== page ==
Parents know that sometimes the chance for reward is a more powerful child obedience method than the threat of penalty. "Clean your room or your grounded" can be less effective than, "Clean your room and we'll go get ice cream."
A recent National Highway Traffic Safety Administration study shows that when the stick is combined with the carrot, drivers behave much better. The study placed GPS trackers to measure speed in eight cars loaned to 50 different drivers for a week each. The drivers were told that, at the end of their week, if they kept their speed within the posted limits, they would be paid $25 each. Every time a driver went over the speed limit by five to eight mph, he would lose three cents. If the driver's speed exceeded nine or more ticks above the posted limit, he lost six cents.
If the drivers were caught speeding by the cops they got speeding tickets as usual.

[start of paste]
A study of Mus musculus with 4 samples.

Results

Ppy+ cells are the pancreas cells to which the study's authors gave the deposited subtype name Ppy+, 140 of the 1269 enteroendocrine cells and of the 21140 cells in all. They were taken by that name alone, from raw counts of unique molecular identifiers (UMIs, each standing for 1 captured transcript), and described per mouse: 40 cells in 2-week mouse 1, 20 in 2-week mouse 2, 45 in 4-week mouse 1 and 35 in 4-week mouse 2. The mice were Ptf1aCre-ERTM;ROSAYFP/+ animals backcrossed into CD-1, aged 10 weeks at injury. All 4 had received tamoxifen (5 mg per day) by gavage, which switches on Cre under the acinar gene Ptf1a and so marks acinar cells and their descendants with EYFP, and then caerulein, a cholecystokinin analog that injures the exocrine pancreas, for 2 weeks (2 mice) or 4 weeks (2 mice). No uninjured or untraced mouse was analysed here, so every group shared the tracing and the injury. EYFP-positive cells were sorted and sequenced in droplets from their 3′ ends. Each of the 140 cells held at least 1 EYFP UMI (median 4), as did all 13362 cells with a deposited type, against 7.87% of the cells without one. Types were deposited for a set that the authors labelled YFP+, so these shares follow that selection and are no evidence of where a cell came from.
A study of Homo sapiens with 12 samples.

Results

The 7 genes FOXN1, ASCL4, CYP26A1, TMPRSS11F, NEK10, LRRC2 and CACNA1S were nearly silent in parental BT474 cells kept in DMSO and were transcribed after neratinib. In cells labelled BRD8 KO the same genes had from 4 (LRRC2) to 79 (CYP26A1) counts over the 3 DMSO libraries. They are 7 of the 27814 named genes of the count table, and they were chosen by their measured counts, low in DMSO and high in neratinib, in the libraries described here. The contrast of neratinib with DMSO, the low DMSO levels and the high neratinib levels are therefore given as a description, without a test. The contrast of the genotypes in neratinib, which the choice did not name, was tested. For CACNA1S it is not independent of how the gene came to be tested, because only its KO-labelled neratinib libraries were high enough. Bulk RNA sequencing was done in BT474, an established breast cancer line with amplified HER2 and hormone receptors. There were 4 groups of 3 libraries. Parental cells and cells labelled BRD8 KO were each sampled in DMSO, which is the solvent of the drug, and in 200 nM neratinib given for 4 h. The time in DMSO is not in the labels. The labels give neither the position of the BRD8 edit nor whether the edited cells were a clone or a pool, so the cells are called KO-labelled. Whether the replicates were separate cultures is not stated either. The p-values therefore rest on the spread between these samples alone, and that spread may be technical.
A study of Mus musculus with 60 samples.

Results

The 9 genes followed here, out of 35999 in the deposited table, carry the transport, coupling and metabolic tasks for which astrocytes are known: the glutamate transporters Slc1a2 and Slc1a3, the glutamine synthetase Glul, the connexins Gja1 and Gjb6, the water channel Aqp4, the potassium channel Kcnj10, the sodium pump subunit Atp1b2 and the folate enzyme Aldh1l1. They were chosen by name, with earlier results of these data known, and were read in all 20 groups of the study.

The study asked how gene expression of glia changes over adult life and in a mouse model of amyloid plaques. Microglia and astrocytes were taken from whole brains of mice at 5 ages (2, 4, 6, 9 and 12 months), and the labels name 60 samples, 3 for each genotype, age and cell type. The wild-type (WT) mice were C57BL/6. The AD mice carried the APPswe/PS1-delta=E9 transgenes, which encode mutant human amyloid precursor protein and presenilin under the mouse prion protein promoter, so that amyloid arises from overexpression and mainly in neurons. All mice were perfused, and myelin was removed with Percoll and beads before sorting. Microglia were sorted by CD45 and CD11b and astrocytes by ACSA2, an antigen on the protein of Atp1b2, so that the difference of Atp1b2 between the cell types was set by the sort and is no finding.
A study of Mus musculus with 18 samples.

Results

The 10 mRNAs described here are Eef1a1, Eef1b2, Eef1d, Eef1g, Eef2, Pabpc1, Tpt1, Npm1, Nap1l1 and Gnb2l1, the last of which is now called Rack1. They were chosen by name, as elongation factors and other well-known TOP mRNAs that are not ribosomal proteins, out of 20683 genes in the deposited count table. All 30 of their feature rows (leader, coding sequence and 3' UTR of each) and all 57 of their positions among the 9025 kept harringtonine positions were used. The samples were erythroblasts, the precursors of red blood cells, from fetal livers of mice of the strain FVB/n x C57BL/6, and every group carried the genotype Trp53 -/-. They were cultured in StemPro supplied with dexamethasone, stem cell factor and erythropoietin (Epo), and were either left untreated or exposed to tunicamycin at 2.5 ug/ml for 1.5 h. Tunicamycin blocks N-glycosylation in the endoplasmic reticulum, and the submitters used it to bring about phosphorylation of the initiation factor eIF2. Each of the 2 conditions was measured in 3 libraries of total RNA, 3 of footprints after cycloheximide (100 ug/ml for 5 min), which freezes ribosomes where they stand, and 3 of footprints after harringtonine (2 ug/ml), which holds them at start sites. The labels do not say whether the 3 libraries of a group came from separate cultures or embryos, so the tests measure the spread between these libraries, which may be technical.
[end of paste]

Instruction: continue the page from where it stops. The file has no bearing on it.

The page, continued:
Each time the car's ignition was switched off, drivers got a report showing how much their lead feet had reduced their rewards.
The results were promising, with one driver saying he had made a game out of trying to keep his $25. NHTSA officials involved in the study say insurance companies might be very interested in implementing the program for their customers.
"We found that the incentive system was incredibly effective in getting drivers to reduce their speeding," Ian Reagan, a traffic safety researcher at NHTSA tells NPR. "Egregious speed limit violations were almost eliminated – that's driving nine or more [miles per hour] over the speed limit."